Middle Eastern asset-tracking player Solve IT has launched a range of new products and services based on a platform developed by Concirrus, which specializes in cloud-based M2M software.
Using “template solutions” for asset, vehicle and personnel management, the company has introduced a range of asset security solutions to Middle Eastern markets, where it serves customers in the construction, facilities management, and fleet and logistics areas.
UK-headquartered Fleetmatics has launched an office in Australia, hoping to capitalize on local demand for fleet-management services as fuel costs in the country continue to rise.
The move comes several months after Fleetmatics (Reading, UK) acquired an Australian company called Connect2Field (Sydney), which develops so-called “field service” software, and coincides with expansion activities in Europe.
Solar energy specialist Sol Chip is to partner with lithium-battery manufacturer Tadiran on the development and marketing of solar batteries suited to a variety of M2M uses.
Describing itself as an “energy-harvesting company”, Sol Chip (Haifa, Israel) claims to have developed a maintenance-free solar battery, allowing devices and systems in a range of vertical markets to operate autonomously.
Automotive supplier Continental has teamed up with HERE – a location-based services subsidiary of Nokia – on the development of new automated driving and intelligent transportation systems.
The companies say their collaboration will initially focus on developing precise map technology for Continental’s (Hannover, Germany) Electric Horizon platform, allowing a vehicle to accurately pinpoint its position on the road.
Using highly detailed maps, vehicles will be able to react automatically to shifting circumstances, such as changing speed limits, according to the companies.
Switzerland’s Sensogram has unveiled plans to introduce two new wearable tech devices for health and activity monitoring this year.
Sensogram (Biel/Bienne) says it hopes to change perceptions about preventive medicine and “physical activity efficiency” with the products, which will be offered to the medical and sports markets.
The sports device – branded SensoTRACK – is described as a smart monitor that can read and monitor activity parameters, advising users on the most efficient ways to exercise.
Smart-meter specialist Landis+Gyr is to begin piloting what it calls “state-of-the-art” smart metering systems with German utility EnBW.
The two companies have signed an agreement that adheres to Germany’s strict data-protection requirements, with German consumers increasingly worried about data privacy following revelations about online snooping by US government agencies.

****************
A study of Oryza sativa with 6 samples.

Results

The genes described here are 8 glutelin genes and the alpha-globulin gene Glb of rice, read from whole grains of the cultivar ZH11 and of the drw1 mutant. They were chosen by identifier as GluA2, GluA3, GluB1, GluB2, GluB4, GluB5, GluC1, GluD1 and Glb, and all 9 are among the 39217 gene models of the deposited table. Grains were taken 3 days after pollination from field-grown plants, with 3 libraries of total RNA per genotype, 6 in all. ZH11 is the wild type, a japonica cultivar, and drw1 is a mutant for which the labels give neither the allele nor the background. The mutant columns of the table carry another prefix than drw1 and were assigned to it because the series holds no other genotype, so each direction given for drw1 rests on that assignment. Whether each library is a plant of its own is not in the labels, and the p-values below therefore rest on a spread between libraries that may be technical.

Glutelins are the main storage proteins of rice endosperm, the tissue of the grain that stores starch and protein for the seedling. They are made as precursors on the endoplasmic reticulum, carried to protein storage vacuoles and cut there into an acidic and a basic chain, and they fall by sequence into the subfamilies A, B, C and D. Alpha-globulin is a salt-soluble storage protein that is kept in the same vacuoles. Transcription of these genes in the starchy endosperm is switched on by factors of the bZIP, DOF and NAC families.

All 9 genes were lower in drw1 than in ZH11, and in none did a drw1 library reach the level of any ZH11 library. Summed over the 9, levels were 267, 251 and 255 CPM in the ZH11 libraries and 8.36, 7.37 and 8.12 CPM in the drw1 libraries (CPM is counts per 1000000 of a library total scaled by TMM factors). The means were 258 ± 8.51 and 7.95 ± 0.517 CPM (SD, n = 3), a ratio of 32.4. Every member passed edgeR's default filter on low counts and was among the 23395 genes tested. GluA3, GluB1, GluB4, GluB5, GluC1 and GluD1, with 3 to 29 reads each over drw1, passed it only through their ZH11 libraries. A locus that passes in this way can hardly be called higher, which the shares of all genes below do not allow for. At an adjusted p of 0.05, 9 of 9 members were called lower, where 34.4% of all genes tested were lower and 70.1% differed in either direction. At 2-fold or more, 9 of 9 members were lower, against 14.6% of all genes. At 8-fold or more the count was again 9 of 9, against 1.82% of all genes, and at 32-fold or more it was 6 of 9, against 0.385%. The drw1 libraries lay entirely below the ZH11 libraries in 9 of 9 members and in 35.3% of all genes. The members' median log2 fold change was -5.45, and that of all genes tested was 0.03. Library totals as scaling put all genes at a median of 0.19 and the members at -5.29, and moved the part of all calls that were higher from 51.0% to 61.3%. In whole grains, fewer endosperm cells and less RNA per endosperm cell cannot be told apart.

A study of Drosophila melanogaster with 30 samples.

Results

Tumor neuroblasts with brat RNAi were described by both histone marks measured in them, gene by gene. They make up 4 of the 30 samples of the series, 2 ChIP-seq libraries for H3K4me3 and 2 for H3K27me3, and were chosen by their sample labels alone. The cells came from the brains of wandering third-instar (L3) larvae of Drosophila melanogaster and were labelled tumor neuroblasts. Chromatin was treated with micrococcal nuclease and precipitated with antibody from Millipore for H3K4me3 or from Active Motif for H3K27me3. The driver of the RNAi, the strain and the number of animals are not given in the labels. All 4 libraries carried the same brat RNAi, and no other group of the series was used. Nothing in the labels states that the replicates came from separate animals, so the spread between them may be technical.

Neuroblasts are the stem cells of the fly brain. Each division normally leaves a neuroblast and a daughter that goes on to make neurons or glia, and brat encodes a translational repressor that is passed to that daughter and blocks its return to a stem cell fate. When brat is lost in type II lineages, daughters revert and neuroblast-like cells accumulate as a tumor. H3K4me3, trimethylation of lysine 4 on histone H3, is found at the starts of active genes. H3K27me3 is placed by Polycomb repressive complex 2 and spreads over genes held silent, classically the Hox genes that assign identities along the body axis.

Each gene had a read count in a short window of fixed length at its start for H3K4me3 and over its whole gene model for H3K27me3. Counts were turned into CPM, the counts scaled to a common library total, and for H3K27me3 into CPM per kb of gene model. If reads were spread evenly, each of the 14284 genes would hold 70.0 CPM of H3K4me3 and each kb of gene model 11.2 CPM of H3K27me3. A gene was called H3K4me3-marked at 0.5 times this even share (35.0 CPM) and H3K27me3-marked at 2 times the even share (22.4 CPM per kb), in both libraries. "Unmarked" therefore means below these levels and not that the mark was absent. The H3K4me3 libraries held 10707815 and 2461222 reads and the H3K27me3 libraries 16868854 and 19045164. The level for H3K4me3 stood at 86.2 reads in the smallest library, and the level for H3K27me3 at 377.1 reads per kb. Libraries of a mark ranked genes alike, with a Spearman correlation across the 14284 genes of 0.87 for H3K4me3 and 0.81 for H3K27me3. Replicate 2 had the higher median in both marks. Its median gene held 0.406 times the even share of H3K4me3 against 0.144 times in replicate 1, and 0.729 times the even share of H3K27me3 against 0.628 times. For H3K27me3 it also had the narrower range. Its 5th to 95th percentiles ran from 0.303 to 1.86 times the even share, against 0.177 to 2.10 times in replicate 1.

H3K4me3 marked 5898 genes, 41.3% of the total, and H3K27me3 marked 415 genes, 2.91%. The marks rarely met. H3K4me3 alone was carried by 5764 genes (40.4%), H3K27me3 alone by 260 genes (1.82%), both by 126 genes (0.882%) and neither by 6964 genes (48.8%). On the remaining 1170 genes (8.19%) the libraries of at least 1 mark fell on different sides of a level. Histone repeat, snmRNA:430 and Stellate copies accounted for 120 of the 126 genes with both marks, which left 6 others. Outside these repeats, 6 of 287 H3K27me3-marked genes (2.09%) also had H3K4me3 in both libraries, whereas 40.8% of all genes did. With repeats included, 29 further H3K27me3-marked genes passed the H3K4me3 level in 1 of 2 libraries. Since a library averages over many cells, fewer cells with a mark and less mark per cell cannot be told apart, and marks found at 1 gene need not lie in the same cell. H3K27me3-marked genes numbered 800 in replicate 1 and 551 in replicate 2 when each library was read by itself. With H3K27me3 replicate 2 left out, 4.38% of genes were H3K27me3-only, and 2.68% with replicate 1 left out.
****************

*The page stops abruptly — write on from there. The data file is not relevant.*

The companies say they signed the agreement at the end of 2013 and that it will see EnBW test the functionalities of the newly developed smart-metering systems in laboratories and a field setting.
The market is set to be worth $19 billion by 2018; and for both consumers and businesses alike wearable technology presents an opportunity to find exciting ways to integrate technologies with our entire bodies not just our fingertips, personalising our relationship with technology more than ever before.
As it becomes clear that operators cannot have a best-in-class customer experience without having an all-round view of their customers, the CEM debate and discussion is hotting up once again. Being able to deliver a seamless customer experience in an increasingly joined-up, multi-channel world has become the top priority for operators.
Module maker Telit has teamed up with Parsec Technologies to create what they call “the world’s lowest-profile companion solution for GPS receiver and antenna”.
The organizations say the components can be made to fit a 6x16x8mm space – making the product suitable for a wide variety of uses.
Both companies say they are making available complete application notes to simplify the engineering effort for system integrators.
Dutch navigation company TomTom has revealed that its fleet-management business grew by 38% in 2013 to serve a total of 330,000 connected vehicles.
Fleet-management services are now used by some 27,000 customers in more than 60 countries worldwide, according to the technology player.
“This year-on-year growth reflects our ongoing success in bringing to market products that offer significant value to companies operating vehicle fleets,” said Thomas Schmidt, the managing director of TomTom Business Solutions, which is responsible for the range of fleet-management services.